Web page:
The Economist has a great elegy for my favorite
soon-to-be now deposed leader, Silvio Berlusconi. If you gave me a list at the beginning of the year of Hosni Mubarak, Moammar Gadhafi and Berlusconi, I would have said that Berlusconi would have been the hardest one to dislodge from power. It took him almost destroying his country with his governance – for the second time – to finally bring the hammer down.
Mr Berlusconi has governed it for eight and a half of the past ten years, and has probably done more to mould it in his image than anyone since the country’s fascist dictator, Benito Mussolini. For the past 30 months he has clung to power with improbable tenacity, shrugging off scandals that would have felled the leader of almost any other country […]
Alarm was also spread by Mr Berlusconi’s initial insistence on a general election as the only way out of the political deadlock, and by his naming of a perceived stooge, Angelino Alfano, the secretary of his People of Freedom (PdL) movement, as his likely successor: the man who, as justice minister, introduced a 2008 law, later ruled unconstitutional, that provided Mr Berlusconi with immunity from prosecution. Not even an agreement by parliamentary business managers to pass the economic reforms by November 14th stemmed the run on Italian debt.
This is Berlusconi’s legacy. Parliament under his rule served mainly to extricate him from any of a number of extra-curricular legal problems, when it wasn’t designing policies almost entirely for the benefit of his businesses. Anyone who thinks that Berlusconi will spend a minute in jail hasn’t been paying attention to how he has run the political sphere for the past two decades, quietly reducing his own exposure to prosecution.
The Prime Minister ran the country into the ground, and even under the circumstances, his exit is welcome news. Berlusconi’s unflagging optimism actually bordered on dementia: his response to the current bond crisis, initially, was that the restaurants were full, so the economy must be doing fine. The country is a mismanaged wreck, where powerful monopolies hold the vast majority of wealth, poverty rises, and protection rackets are the norm. It can be said that, at least when the entire government was under the sway of the mafia, the trains ran on time. This Berlusconi/Mafia hybrid – his ties are well-documented – was just inefficient. Growth over the past 15 years has averaged a paltry 0.75% (of course, this doesn’t take into account a very large black market economy).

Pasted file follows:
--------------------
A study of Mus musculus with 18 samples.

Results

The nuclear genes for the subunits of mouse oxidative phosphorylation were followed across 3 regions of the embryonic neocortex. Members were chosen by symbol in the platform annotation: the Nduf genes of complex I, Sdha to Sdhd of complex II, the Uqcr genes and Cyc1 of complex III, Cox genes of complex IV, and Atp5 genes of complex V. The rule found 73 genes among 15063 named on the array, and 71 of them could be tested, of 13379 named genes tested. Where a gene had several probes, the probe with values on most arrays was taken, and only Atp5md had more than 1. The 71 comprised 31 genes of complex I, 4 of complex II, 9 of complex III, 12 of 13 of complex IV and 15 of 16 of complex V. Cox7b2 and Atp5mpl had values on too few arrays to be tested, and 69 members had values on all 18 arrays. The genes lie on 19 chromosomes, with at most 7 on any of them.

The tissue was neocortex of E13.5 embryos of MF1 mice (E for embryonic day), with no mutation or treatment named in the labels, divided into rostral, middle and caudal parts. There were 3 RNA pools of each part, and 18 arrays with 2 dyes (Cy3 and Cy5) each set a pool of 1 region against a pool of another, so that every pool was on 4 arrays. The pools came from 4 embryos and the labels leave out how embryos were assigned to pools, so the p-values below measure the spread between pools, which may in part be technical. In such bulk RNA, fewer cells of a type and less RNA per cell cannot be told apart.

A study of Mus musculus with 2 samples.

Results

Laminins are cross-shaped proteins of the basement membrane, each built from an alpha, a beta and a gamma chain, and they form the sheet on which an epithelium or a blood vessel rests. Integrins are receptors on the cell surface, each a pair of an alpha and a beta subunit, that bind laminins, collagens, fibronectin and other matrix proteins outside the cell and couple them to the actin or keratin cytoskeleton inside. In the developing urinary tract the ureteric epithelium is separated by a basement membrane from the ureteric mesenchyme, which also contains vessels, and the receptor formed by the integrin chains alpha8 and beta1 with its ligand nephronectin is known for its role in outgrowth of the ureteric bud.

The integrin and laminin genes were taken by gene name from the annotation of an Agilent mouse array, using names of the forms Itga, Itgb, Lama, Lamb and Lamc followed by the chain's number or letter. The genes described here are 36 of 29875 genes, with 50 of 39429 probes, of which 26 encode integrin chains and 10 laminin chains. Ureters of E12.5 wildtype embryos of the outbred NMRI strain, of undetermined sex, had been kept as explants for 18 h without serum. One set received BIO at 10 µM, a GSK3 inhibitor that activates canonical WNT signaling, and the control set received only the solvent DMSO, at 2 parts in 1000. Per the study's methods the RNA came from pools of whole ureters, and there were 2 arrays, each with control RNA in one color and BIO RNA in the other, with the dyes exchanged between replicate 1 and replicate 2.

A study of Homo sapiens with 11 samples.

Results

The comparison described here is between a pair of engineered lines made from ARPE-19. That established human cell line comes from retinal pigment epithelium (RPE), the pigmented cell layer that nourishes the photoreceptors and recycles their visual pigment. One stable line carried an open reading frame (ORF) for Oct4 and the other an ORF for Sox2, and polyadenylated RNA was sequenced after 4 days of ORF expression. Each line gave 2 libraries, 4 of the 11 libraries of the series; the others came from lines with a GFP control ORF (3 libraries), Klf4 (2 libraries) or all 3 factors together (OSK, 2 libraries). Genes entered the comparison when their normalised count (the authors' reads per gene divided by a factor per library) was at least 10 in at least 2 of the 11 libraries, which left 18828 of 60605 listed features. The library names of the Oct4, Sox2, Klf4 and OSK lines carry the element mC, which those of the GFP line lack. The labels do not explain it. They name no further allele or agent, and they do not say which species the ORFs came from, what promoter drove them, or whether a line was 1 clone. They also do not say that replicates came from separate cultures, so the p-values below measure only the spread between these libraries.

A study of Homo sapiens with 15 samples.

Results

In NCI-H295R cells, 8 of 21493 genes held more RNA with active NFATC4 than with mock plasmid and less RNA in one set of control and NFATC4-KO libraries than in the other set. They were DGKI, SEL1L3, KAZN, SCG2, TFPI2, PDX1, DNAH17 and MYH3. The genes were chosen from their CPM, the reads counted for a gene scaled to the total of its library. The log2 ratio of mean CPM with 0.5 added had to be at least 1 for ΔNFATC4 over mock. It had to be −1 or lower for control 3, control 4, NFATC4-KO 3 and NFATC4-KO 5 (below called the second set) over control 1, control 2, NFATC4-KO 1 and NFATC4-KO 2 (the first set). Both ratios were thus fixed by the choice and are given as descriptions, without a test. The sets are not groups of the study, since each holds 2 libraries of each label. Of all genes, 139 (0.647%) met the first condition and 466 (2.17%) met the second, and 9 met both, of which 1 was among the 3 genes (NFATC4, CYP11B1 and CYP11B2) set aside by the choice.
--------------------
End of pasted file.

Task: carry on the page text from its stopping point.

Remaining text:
None of this is to say that the alternative will be sunny for Italy in the near term. They are being forced into crushing austerity, which will not work in providing economic growth. Spending cuts will merely lead to revenue reductions. There is not nearly enough time to just wait around for growth when bond yields are elevated. Things may not be able to get worse, but yet it can.
And this is premised on the notion that Berlusconi still won’t be wielding influence behind the scenes. In this reading he goes back from being Prime Minister to just being Rupert Murdoch, in control of most of the media Italians see. He can hide there in the shadows before coming back to life, like he did after the reign of Romano Prodi, and returning to power.
More broadly, the only way Italy has out of their own troubles is the European Central Bank, which is completely unwilling to act as the lender of last resort to avoid an outright depression. Paul Krugman has the best word on this:
What has happened, it turns out, is that by going on the euro, Spain and Italy in effect reduced themselves to the status of third-world countries that have to borrow in someone else’s currency, with all the loss of flexibility that implies. In particular, since euro-area countries can’t print money even in an emergency, they’re subject to funding disruptions in a way that nations that kept their own currencies aren’t — and the result is what you see right now. America, which borrows in dollars, doesn’t have that problem.
The other thing you need to know is that in the face of the current crisis, austerity has been a failure everywhere it has been tried: no country with significant debts has managed to slash its way back into the good graces of the financial markets. For example, Ireland is the good boy of Europe, having responded to its debt problems with savage austerity that has driven its unemployment rate to 14 percent. Yet the interest rate on Irish bonds is still above 8 percent — worse than Italy.
The moral of the story, then, is to beware of ideologues who are trying to hijack the European crisis on behalf of their agendas. If we listen to those ideologues, all we’ll end up doing is making our own problems — which are different from Europe’s, but arguably just as severe — even worse.